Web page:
Stop for a moment and think back to the meanest, crustiest school teacher you ever had. You know the type–old, stubborn, set in their ways.
Do you recall that teacher standing at the blackboard, recording a seemingly endless list of deadlines for your math homework, science projects and book reports?
The dates would be written in large, glaring letters at the front of the room, where no one could possibly forget them.
When faced with a classroom of indignant groans, how would your teacher respond?
“In the real world, there are deadlines for EVERYTHING.”
Was your teacher correct? And could their advice really be the key to a more successful writing career?
What Type of Writer Are You?
There are two types of writers:
- Those who have frequent deadlines to meet
- Those who have no deadlines to meet.
Both situations offer pros and cons.
If writing earns you a living, you’ll know deadlines are essential to your work, just as they would be in any other career. Still, having too many at once, or knowing you have little time to play with, can cause anxiety.
If you write for enjoyment or make only a small supplementary income from writing, you probably work at your own pace and submit pieces whenever they’re finished. Perhaps this is less stressful, but it can cause procrastination and less efficient work habits to creep into your day.
Which category do you fall into?
If you are someone who doesn’t write to a deadline, you may be doing yourself a disservice.
Here are some reasons why deadlines (even self-imposed ones) can make you more successful:
Gain More Experience in Less Time
That article you’ve been working on for two months may be great, but in the meantime, how much exposure is your writing getting? And really, why is it taking you so long?
Setting deadlines for your work empowers you to do something that can make a major impact on your writing career:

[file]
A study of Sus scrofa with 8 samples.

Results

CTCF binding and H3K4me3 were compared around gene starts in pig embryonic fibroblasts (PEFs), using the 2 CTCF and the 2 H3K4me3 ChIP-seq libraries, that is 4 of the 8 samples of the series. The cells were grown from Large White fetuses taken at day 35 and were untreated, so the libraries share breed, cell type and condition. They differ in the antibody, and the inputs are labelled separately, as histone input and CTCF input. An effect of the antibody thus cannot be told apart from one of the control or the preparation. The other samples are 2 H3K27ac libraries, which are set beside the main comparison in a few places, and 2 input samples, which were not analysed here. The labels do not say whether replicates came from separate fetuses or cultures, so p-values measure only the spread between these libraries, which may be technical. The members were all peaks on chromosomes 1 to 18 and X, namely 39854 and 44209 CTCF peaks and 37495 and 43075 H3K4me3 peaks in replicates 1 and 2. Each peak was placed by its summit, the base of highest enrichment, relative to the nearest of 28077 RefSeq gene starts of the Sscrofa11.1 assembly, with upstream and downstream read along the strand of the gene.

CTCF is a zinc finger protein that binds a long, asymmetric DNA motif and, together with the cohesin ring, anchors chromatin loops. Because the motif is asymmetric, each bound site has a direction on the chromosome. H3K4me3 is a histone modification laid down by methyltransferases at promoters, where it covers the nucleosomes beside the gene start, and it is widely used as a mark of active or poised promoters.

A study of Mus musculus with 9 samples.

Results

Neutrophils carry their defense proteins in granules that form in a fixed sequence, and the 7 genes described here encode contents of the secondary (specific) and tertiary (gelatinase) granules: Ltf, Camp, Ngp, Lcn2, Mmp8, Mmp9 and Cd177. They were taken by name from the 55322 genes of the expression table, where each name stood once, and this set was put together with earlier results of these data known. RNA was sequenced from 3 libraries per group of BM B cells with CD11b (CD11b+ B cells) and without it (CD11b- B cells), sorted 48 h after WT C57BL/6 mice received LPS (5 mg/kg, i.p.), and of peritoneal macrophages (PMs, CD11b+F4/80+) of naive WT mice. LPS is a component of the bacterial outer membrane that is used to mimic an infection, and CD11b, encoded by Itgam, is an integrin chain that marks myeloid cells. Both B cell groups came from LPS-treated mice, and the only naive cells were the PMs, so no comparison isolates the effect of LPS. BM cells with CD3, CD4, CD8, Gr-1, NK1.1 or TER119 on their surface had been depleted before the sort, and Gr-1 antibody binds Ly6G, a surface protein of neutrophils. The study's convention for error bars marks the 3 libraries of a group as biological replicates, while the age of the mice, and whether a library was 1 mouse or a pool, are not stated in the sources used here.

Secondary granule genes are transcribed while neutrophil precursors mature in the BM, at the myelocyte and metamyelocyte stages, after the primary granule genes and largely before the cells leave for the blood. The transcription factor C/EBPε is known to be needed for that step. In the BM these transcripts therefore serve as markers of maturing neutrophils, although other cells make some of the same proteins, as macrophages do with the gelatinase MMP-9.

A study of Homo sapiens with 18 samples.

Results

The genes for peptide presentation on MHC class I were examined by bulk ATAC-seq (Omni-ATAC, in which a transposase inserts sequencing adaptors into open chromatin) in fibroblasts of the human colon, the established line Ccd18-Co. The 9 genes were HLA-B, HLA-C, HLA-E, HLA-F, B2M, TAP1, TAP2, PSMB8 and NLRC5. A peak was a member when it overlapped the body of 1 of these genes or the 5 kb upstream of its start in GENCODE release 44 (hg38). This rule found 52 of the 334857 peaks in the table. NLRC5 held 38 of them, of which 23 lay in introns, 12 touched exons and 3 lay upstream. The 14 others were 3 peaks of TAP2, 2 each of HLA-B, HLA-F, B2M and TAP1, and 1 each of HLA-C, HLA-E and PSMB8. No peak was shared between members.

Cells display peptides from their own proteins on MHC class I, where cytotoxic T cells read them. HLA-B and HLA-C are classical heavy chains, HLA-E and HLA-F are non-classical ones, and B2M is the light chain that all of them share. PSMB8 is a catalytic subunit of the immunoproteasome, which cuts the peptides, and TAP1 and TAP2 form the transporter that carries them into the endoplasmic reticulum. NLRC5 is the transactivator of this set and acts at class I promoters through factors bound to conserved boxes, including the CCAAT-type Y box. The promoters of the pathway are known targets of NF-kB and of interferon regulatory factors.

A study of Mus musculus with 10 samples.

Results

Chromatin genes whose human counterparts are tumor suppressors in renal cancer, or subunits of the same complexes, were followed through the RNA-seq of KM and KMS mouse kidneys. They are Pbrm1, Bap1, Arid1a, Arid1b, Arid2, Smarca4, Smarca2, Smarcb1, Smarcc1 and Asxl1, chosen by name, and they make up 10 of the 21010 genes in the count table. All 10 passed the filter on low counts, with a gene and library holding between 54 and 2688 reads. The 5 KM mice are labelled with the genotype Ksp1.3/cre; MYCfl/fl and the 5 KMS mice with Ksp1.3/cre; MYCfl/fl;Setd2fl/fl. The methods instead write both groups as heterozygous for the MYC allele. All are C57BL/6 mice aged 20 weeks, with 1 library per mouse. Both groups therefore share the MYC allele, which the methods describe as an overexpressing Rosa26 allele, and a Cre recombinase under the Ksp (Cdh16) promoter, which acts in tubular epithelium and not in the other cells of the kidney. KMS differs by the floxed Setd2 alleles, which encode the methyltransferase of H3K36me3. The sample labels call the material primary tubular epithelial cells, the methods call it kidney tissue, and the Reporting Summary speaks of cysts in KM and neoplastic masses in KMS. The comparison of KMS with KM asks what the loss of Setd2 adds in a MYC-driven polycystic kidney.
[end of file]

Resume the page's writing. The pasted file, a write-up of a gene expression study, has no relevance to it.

It allows you to gain more experience in less time.
When a time limit is imposed on each of your pieces, you can accept a greater number of assignments. Or, if you make your own deadlines, your level of productivity will necessarily increase to meet them.
The result? You might find, with a little discipline, you’re selling three times as many pieces as you were before, or at least increasing your portfolio and gaining valuable writing experience at the same time.
Improve Work Efficiency
In order to meet the deadlines you’ll be accepting or setting for yourself, you’ll have to make some changes.
Some ways deadlines can improve how efficiently you write are:
- Organization: You will need to use a day planner, hand-held device, computer program or other method of organizing your assignments and their due dates.
- Work Habits: Adopting more effective work habits, like setting aside specific times of the day for writing, will be necessary to meeting deadlines.
- Productivity: Procrastination will not be an option when you have someone waiting for your work. If you’re imposing a deadline on yourself, keeping it somewhere in plain sight will help you avoid putting it off.
Make More Money
The equation is simple and indisputable: More Writing + Less Time = More Money
The greater the number of assignments you take on, the greater the chances of acceptance, and the greater probability of making money from your efforts.
If you plan to earn any sort of income from your writing, setting deadlines is one way to get you there.
So, if you lack motivation for personal or professional reasons, the potential monetary rewards could be just the thing to get you moving.
The Final Ingredient
Now we know your teacher was right, but there’s one more thing to consider.
Would they have assigned you a research project and made it due the following day? Of course not. They wouldn’t expect you to complete an in-depth task without adequate time.
The same rule applies to deadlines. Above all else, they must be realistic to be reached.
Maybe that teacher of yours wasn’t so bad after all.
Join the discussion
Mike-Simple Web Writing Secrets says
I love your thoughts on deadlines. Particularly your point about using deadlines to help you gain more experience in less time. It’s so true. For me, I set myself small daily deadlines, like: complete an article about “X” today.
A great insight I learned once was that a task will always expand to fill the time you’ve allocated for it. This ties in to your school teacher metaphor because, as you know, most students won’t begin assignments until they’re almost due.
Thanks for writing about this
.-= Mike-Simple Web Writing Secrets´s last blog ..5 productivity tips for web writers =-.
You said, “… a task will always expand to fill the time you’ve allocated for it.” I couldn’t agree more. Having more time to complete something isn’t always necessary or ideal.
When I’m teaching, I never give students excessive time to complete things. Unless they’re on a tight leash, everything gets left to the last minute.